Health Health Matters

Not sleeping well? Try this science-based advice

Frieda Paton

The world as we know it has been turned upside down and you, like many others, might be experiencing sleeping problems for the first time. Heightened emotions and stress are known to cause insomnia.

Our bodies use sleep for both physical and mental repair and recovery and that is why enough sleep is one of the pillars of health. Fatigue affects our ability to focus, to think, and to control our emotions. Reduced brain activity can be measured on brain scans. One study found that the effect of not sleeping for 24 hours was the same as a blood alcohol level of 0, 10% – way over the legal limit for driving.

Insufficient sleep also affects physiological processes, including our metabolism and immune system. Long-term sleep deprivation can contribute to chronic conditions such as diabetes, heart disease, cancer, depression and dementia.

If you are having problems falling asleep or staying asleep you might want to try the following tips which are supported by scientific sleep research.

Go to bed and wake up at the same time every day. We have a sleep-wake cycle which is regulated by a variety of hormones and brain chemicals. When the natural pattern is disrupted it can cause insomnia so, whether you are an early bird or a night owl, find a schedule that works for you and stick to it.

Following a routine for at least an hour before bedtime sends a signal to your subconscious that it’s time to wind down. Stop work and other activities that stimulate the brain. Clear your mind and lessen anxiety by, for example, journaling, making your to-do list for the next day, meditation or other spiritual practices, and a relaxing hot bath.

Bright light, especially blue light from screens, affects the production of melatonin which is an essential hormone for sleep. Avoid television, the computer monitor, and your cell phone for at least an hour before bedtime.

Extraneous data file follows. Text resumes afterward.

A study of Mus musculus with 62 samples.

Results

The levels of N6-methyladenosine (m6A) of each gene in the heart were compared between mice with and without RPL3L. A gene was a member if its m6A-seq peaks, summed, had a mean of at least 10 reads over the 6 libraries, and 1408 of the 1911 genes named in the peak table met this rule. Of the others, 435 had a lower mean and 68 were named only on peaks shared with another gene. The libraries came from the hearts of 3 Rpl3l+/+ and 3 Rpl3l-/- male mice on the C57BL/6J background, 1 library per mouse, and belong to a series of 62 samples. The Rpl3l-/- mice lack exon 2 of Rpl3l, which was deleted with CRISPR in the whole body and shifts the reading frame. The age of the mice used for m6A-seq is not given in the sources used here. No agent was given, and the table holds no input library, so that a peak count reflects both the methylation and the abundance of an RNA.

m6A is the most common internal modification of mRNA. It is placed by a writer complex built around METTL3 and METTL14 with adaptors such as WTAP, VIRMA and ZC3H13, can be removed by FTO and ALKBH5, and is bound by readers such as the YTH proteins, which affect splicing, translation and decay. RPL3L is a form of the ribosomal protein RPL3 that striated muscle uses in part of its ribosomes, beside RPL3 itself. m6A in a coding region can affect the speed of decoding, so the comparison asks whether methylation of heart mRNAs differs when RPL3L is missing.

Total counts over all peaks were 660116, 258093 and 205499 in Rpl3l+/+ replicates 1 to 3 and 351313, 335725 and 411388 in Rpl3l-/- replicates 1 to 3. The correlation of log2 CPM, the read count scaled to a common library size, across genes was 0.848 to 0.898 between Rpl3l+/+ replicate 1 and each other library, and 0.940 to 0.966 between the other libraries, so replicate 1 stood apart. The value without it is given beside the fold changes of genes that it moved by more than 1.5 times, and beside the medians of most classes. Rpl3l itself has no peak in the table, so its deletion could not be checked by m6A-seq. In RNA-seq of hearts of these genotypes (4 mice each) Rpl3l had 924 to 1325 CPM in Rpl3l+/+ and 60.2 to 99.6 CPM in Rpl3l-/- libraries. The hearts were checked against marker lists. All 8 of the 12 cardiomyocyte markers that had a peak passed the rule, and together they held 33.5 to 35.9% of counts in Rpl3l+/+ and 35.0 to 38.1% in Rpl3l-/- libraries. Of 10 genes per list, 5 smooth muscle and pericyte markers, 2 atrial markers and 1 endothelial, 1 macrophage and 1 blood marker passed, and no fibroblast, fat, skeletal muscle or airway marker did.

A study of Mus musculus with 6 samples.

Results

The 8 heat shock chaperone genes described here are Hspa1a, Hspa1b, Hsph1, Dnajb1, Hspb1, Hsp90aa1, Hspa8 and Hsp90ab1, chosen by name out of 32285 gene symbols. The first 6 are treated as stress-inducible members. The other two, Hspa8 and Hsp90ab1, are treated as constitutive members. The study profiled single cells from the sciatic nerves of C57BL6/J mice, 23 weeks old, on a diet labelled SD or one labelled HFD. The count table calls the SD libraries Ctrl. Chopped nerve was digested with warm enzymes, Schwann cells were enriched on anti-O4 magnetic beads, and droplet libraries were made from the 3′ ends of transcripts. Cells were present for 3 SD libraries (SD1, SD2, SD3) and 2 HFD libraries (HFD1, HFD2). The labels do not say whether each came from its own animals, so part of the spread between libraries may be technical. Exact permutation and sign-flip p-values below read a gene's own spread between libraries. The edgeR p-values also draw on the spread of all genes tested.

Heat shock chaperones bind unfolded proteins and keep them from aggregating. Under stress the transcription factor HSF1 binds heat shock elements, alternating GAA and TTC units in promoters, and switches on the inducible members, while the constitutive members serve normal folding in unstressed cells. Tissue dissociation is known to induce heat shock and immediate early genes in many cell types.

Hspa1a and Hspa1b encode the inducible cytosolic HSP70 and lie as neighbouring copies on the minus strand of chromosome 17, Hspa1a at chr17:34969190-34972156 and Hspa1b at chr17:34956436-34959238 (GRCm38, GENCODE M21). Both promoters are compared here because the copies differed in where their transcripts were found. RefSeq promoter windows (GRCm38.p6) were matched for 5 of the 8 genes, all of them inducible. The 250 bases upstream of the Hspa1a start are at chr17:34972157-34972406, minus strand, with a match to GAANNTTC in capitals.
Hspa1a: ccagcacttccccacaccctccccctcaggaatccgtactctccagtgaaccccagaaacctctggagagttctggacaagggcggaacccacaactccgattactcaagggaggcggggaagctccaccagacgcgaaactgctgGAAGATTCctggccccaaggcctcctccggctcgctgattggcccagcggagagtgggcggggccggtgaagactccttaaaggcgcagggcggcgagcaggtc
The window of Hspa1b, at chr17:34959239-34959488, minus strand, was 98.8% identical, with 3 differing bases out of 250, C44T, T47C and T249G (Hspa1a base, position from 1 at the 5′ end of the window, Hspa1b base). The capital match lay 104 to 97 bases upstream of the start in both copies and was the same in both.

Use your bedroom only for sleeping. Make sure that the room is neither too hot nor too cold. Your pillow and mattress should be comfortable to ensure that aches from a poor posture don’t interfere with your sleep. Fresh and clean bed linen helps you to relax. You can also try some lavender essential oil – on your temples, spritzing it on your pillow or in a diffuser. Studies found that it does promote relaxation, by reducing your heart rate and blood pressure, and increases the amount of deep sleep.

Avoid alcohol, coffee or a large meal for at least three hours before bedtime. While alcohol helps you to fall asleep it prevents you from getting enough deep sleep. You can also try a magnesium supplement as insomnia is often caused by a deficiency in this mineral which is necessary for the production of neurotransmitters responsible for relaxation and sleep.

Regular exercise reduces insomnia and improves sleep quality. It seems that the time of day during which you exercise doesn’t matter, although you should avoid exercising for an hour or two before bedtime.

These natural methods for improving sleep are preferable to sleep tablets which can leave you drowsy and may be addictive. However, a sleeping problem may be caused by an underlying physical or mental health problem, so consider seeing a medical practitioner if the problem persists.